Computer-Aided Design and Computer-Aided Manufacturing (Cad And Cam)

CAD/CAM is a term which means computer-aided design and computer-aided manufacturing. It is the technology concerned with the use of digital computers to perform certain functions in design and production. This technology is moving in the direction of greater integration of design and manufacturing, two activities which have traditionally been treated as distinct and separate functions in a production firm. Ultimately, CAD/CAM will provide the technology base for the computer-integrated factory of the future.

Definition of CAD

Computer-aided design (CAD) can be defined as the use of computer systems to assist in the creation, modification, analysis, or optimization of a design. The computer systems consist of the hardware and software to perform the specialized design functions required by the particular user firm. The CAD hardware typically includes the computer, one or more graphics display terminals, keyboards, and other peripheral equipment. The CAD software consists of the computer pro-grams to implement computer graphics on the system plus application programs to facilitate the engineering functions of the user company. Examples of these application programs include stress-strain analysis of components, dynamic response of mechanisms, heat-transfer calculations, and numerical control part programming. The collection of application programs will vary from one user firm to the next because their product lines, manufacturing processes, and customer markets are different. These factors give rise to differences in CAD system requirements.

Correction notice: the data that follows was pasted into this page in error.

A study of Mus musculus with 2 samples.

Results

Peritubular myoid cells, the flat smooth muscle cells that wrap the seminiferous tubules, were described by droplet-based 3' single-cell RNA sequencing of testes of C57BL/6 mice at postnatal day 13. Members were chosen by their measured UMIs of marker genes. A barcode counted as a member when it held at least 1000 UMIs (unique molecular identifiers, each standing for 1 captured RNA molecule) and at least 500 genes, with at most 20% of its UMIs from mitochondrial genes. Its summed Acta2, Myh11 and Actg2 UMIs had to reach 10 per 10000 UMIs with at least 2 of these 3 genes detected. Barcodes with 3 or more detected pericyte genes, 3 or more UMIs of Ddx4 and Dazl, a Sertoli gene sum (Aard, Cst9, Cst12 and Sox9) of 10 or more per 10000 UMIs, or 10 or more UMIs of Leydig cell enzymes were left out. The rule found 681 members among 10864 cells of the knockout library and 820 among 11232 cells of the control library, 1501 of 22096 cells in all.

Definition of CAM

Computer-aided manufacturing (CAM) can be defined as the use of computer systems to plan, manage, and control the operations of a manufacturing plant through either direct or indirect computer interface with the plant's production resources.

Advantages of CAD/CAM

Various advantages of CAD/CAM are mentioned below.

(a) Improved engineering productivity

(b) Shorter lead time

(c) Reduced engineering personnel requirements

(d) Improved accuracy of design

(e) Assistance in preparation of documentation

(f) Designs have more standardization

(g) Better designs provided

(h) Improved productivity in tool design

(i) Reduced training time for routine drafting tasks and NC part programming

(j) Fewer errors in NC part programming

(k) Saves materials and machining time

(l) Provides operational results on the status of work in progress

(m) Makes the management of design personnel on projects more effective

(n) Assistance in inspection of complicated parts

(o) Better communication interfaces and greater understanding among engineers, designers, drafters, management, and different project groups.